Just come across this sentence

"A good outline will guide you during you writing your novel."

It seems a little bit odd to me. I know you can phrase it like "A good outline will guide you while you're writing your novel." But is this grammatically correct?

closed as off-topic by Cascabel, Chenmunka, jimm101, Mark Beadles, Mitch Jan 17 at 14:32

    No, it's not correct. Hopefully it's just a typo, but if not, you might not want to take writing advice from this author. – Juhasz Jan 10 at 22:12
  • 3
    During your writing, during your novel writing, or during the writing of your novel would all be fine. – Jason Bassford Jan 10 at 22:14
  • I hope you didn't pay any money for this writing "advice". – Michael Harvey Jan 10 at 22:44
  • Thank you guys, it's just something I pick up on during some online courses, LOL. – gardness Jan 11 at 2:35
  • I'm flagging this as off-topic ("no research / ELL"). Gardness, any competent English speaker would recognise this as poor English. What research did you do before asking here? Can I recommend our sister site English Language Learners as a better place to look for answers on English questions that a fluent speaker would find trivial. If you have a question for ELL, be sure to read their guidance on what you can ask. :-) – Chappo Jan 12 at 11:35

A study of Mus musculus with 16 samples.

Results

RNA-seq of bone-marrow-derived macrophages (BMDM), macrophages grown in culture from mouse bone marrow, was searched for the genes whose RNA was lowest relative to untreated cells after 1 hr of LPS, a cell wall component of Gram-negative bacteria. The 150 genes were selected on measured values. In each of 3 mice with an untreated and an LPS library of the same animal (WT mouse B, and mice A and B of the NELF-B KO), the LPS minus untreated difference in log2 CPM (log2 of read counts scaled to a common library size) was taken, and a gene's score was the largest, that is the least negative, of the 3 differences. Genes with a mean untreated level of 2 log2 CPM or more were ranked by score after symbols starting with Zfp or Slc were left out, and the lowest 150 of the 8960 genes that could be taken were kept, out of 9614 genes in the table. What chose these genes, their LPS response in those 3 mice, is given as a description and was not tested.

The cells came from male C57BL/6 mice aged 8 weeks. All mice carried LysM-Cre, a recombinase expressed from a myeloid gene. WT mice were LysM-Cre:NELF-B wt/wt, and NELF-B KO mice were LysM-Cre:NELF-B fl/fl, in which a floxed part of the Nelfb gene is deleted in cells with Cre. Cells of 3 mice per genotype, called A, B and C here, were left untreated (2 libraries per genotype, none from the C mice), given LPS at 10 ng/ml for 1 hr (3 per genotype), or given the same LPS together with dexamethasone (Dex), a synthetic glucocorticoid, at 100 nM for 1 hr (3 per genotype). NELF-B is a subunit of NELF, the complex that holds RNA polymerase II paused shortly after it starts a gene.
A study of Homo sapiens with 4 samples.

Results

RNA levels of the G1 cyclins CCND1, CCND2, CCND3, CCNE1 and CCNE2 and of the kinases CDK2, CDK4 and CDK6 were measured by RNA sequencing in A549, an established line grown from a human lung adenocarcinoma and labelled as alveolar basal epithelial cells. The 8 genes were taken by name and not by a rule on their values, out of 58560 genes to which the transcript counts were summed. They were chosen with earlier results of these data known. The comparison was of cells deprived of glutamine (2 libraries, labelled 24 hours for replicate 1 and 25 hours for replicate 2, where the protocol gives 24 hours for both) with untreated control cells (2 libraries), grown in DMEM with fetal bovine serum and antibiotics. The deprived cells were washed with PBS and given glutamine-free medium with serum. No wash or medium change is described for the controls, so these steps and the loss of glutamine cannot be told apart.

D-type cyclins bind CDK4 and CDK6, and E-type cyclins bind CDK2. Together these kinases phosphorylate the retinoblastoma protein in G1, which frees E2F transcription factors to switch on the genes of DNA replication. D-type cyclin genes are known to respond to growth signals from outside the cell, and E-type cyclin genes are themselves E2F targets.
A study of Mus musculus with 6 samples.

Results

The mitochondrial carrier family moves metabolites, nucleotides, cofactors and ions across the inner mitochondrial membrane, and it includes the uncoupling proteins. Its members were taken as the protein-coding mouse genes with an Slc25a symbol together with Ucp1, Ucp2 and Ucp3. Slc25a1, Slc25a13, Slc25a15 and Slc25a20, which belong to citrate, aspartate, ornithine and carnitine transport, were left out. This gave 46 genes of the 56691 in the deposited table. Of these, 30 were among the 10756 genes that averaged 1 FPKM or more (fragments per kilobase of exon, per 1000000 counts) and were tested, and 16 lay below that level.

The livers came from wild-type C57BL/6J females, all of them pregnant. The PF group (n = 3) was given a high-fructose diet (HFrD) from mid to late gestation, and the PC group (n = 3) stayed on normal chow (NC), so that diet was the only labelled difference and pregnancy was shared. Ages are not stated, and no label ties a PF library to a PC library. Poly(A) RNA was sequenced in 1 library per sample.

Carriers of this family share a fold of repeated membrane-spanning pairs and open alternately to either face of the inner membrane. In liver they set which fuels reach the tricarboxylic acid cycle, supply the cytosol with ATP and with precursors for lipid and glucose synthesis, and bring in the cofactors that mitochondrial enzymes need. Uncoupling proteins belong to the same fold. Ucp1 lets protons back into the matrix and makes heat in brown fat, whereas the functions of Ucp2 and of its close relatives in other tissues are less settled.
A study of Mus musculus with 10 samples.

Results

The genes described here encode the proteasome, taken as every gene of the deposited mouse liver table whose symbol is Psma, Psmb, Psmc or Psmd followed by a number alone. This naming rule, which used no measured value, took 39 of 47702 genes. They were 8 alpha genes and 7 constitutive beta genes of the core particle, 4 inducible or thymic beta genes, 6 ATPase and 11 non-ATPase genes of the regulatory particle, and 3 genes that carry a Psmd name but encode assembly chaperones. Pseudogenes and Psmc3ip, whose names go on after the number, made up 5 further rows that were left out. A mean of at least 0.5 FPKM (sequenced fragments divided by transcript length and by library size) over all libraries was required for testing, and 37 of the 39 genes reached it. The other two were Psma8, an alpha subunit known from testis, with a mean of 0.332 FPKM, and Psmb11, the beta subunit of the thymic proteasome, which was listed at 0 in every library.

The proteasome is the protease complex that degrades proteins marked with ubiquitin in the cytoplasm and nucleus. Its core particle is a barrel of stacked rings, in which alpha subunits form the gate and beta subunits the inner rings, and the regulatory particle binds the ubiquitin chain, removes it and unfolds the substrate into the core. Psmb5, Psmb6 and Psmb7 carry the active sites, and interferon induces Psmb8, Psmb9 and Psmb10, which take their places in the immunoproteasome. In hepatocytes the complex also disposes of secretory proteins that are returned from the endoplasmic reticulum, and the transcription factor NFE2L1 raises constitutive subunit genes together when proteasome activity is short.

This not correct because "during" is a preposition. There is no prepositional phrase following "during" in this sentence, only an independent clause which requires a conjunction.

So you could say

"A good outline could help you while you are writing your novel."


"A good outline could help during the writing of your novel."